Key Points for Key Pints
Yeast starter. Diacetyl, esters, incomplete fermentation—
the side effects of stressed yeast cells are not metal.
Cold steeping. For this month’s recipe, the 2-row will get mashed by itself, while the Perla Negra will be cold-steeped for 24 hours prior to brew day (this is just like brewing cold press coffee) then strained. The resulting inky liquid is added to the kettle during the last few minutes of the boil. This will create a very intense, chocolate-and-coffee roast malt character and deep color with minimal harshness.
Hopstanding. Most of the hops in this recipe don’t go in until the last 10 minutes of the boil, or until after the boil is shutdown—about 66% of the IBU are from about 85% of the hops, which isn’t exactly a picture of efficient use. Along with bitterness, hopstanding brings a big dose of fragrant hop oils and resin, which would otherwise be lost in the heat and agitation of a rolling boil.
To the Homebrewery
Note: these steps are general guidelines and assume you’re already familiar with the all-grain brewing process. Refer to the instructions for your brew system, and adjust as needed based on experience with your own particular equipment.
24 hours prior to brew day:
Make a yeast starter—2 liters of water, 8 ounces DME, a pinch of yeast nutrient; boil, cool, and inoculate with yeast.
Mill the Perla Negra, or have it done for you at the shop (remember to keep it separate from the base malt).
Cold steep the Perla Negra—put the milled grain in the mesh bag and soak it in 2–3 quarts of cold or room-temp brewing water.
On brew day, collect strike water (I use 1.3 quarts per pound, your measurements may vary) and heat to about 165°F.
Mill the base malt, or have it done for you at the shop.
Mash & Sparge:
Add all grains to strike water and mix to achieve a uniform temperature of 151–153°F. Rest the mash at this temperature for 60–90 minutes.
While the mash rests, collect and heat sparge water.
When the mash rest is complete, heat it to 170°F for mashout.
Sparge and collect the wort in the boil kettle.
Bring the wort to a boil and hide your well-worn copy of ABBA Gold in a Skeletonwitch or Entombed album sleeve. Add 0.5 ounce chinook hops when the wort begins to boil, and boil for 60 minutes.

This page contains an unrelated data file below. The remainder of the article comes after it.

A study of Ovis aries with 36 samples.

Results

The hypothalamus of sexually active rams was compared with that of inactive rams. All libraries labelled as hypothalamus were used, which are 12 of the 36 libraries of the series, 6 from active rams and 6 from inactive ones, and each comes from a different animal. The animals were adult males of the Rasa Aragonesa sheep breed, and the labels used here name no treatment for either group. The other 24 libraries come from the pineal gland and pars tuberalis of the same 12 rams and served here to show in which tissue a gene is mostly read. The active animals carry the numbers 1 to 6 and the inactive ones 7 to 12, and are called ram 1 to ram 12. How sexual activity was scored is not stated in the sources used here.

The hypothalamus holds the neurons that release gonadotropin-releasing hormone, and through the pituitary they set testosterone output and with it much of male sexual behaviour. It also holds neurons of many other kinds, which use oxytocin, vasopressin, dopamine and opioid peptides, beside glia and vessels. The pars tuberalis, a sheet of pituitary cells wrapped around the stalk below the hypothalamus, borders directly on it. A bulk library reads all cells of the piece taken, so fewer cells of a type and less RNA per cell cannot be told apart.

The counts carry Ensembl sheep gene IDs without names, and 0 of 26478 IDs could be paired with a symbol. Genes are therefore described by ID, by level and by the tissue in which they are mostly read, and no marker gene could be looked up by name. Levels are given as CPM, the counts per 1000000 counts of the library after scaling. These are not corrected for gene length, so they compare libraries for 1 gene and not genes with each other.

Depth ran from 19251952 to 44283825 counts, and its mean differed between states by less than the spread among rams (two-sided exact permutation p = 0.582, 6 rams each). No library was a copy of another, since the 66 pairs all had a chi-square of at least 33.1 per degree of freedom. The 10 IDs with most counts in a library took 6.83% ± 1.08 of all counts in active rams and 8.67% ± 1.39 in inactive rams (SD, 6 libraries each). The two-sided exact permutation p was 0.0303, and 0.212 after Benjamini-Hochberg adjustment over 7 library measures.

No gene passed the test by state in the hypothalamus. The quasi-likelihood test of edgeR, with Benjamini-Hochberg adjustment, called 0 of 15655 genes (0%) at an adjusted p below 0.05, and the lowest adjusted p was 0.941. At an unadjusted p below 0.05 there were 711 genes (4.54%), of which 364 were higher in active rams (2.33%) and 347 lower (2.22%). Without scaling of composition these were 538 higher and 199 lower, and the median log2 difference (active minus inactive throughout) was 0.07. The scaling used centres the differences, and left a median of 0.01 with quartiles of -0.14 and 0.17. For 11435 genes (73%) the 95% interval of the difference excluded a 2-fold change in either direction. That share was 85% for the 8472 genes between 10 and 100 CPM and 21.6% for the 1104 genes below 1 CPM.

While the wort boils, remove the bag of Perla Negra from the steeping liquid—use a colander to let it drain and collect the liquid. The grain can now be discarded.
Ten minutes before the end of the boil, add 1 ounce each centennial, simcoe, and amarillo hops; also add the reserved cold steeping liquid to the boil kettle at this time.
Perform the hopstand: when the boil is finished, turn off the burner. Add 1 ounce each centennial, simcoe, and amarillo hops. Cover the kettle and let rest for 20 minutes prior to using the wort chiller.
Proceed with cooling the wort.
Fermentation and Beyond
Transfer the cooled wort to a sanitized fermenter, aerate well, and pitch yeast. Aim for fermentation temp of around 65°F. Given a healthy population of yeast cells and adequate oxygen, the wort should be at or near terminal gravity within about 8–10 days.
If you can, cool the finished beer to encourage the yeast to drop and allow another week or two to condition and then package. The hop flavors will only diminish with time, so enjoy this one fresh!
Until next time: Drink it like you brewed it.
Like this recipe? You can find it and 63 other witty and detailed homebrew recipes in Michael Dawson’s book, “Mashmaker: A Citizen-Brewer’s Guide to Making Great Beer at Home.” In each recipe, Dawson includes suggestions on how to modify and customize each beer, along with all-new essays on Malt, Hops, Yeast, and Water, giving readers critical insight into the building blocks of every successful brew. On sale now for $24.95 at mashmakerbook.com.